Saturday, October 07, 2006

"Experience, Experiment, Design" - drawings and notebooks by Leonardo da Vinci

The Victoria and Albert Museum is hosting "Experience, Experiment, Design" , an exhibition about Leonardo da Vinci between now and 7 January 2007. It's actually been open since mid-September, but the reviews all came out just after I left for New England and I'm still catching up on all the new things to see!

A very long time ago I remember seeing some Leonardo da Vinci drawings, complete with mirror writing. I can't remember where it was or what the exhibition was about - but I still have a very vivid recollection of those drawings. Da Vinci's drawings and notebooks are so unlike most others you will ever see that I suspect this exhibition might do the same for a lot of other people.

The exhibition is in one room and has four sections which are:
  1. The Mind's Eye: which focuses on the eye, sight, proportion and proportional relationships (eg the Vitruvian man) and visual and mathematical expressions of the geometry of the natural world
  2. The Lesser and Greater World: investigations of flows and motions - water engineering and the human heart
  3. Making Things: architecture and inventions of entertainment and ingenuity
  4. Force: the force of movement, the force of warfare and the forces of the natural world
It also has a splendid website which comes highly recommended by me. Click on the drawings on each of the pages devoted to the four sections of the exhibition to see what I mean about the drawings.

My only reservation about the website is that I wish there was a clearer message on each page about how to enlarge the truly tiny text! I know how to do it on my keyboard - I'm just wondering whether it's the same on yours....... (increase 'Control' plus '='; reduce 'Control' plus '-')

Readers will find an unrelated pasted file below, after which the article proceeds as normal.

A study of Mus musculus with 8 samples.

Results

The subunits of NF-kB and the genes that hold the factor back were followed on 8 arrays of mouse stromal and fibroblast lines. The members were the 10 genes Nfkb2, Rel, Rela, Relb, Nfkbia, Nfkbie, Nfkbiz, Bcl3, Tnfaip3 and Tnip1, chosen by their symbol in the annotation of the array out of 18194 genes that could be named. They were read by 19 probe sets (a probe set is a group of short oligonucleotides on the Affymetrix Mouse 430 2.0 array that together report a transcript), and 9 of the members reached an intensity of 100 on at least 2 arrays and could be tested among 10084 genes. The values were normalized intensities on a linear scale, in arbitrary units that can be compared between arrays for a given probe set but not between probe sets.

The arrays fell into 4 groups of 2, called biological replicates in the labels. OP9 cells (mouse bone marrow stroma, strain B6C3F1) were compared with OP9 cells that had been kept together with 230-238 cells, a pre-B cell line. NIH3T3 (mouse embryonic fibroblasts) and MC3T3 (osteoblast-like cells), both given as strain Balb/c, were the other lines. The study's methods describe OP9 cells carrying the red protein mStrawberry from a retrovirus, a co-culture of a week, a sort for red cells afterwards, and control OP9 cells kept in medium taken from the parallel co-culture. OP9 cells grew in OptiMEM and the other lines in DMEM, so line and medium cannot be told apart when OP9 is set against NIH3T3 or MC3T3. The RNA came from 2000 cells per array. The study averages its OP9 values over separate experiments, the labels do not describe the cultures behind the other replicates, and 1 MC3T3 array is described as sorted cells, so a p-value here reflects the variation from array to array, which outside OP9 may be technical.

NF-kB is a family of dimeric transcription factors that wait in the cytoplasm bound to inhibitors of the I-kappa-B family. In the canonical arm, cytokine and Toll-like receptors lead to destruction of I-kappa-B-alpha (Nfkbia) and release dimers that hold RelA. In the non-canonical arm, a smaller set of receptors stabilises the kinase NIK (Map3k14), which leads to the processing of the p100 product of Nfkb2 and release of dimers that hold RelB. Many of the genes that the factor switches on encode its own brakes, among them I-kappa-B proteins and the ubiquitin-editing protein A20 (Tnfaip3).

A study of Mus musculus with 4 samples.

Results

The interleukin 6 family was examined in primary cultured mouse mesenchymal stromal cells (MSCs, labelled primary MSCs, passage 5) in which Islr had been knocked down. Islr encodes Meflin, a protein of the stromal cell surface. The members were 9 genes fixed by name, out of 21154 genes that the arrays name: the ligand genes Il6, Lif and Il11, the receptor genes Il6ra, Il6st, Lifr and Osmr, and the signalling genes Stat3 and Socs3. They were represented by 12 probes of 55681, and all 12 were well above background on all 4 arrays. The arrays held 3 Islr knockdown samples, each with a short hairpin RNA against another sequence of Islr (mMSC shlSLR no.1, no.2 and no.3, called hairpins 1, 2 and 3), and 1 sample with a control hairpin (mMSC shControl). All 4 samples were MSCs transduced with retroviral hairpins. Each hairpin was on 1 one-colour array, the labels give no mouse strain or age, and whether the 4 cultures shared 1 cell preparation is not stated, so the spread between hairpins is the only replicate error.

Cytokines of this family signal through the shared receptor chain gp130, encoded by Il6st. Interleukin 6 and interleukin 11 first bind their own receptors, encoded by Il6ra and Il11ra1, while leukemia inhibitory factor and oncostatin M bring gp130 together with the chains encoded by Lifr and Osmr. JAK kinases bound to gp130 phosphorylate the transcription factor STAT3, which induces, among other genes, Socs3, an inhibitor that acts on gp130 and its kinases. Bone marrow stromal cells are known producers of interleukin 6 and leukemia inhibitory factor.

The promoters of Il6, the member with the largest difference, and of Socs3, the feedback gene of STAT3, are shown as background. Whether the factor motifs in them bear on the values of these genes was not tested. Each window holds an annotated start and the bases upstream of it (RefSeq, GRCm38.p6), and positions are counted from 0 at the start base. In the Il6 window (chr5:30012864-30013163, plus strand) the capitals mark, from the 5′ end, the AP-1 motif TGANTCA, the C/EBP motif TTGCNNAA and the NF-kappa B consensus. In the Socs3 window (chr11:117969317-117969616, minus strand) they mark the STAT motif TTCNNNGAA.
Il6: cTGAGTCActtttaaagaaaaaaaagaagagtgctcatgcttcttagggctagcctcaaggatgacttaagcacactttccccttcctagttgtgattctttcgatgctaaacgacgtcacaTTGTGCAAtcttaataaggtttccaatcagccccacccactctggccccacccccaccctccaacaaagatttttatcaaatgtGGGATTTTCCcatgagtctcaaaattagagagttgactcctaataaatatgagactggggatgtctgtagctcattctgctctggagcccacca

If you're unable to get to the exhibition you still have a great opportunity to view his notebooks compiled between 1489 and 1505 online here. This gives you access to the sketchbooks contained and cound within the Forster Codices.

Do also take a look at the animated illustrations that have been developed of some of his drawings - piecing together as it were the different drawings of parts which he assembled in trying to develop a coherent whole. A practice which many artists pursue when developing their final work of art.
For those who like playing games - you might like to try The Canal Challenge and see if you can get on the Leaderboard. You can also send an e-card of one of four drawings from the exhibition.

The museum is running a series of events in association with the exhibition, including a BIG DRAW event next weekend. I've just booked my tickets to try silver point and egg tempera!

Adrian Searle gave this exhibition 4 stars in the The Guardian review of the exhibition. For me the accessibility to the exhibition provided by the dedicated microsite must surely push it up to 5 stars!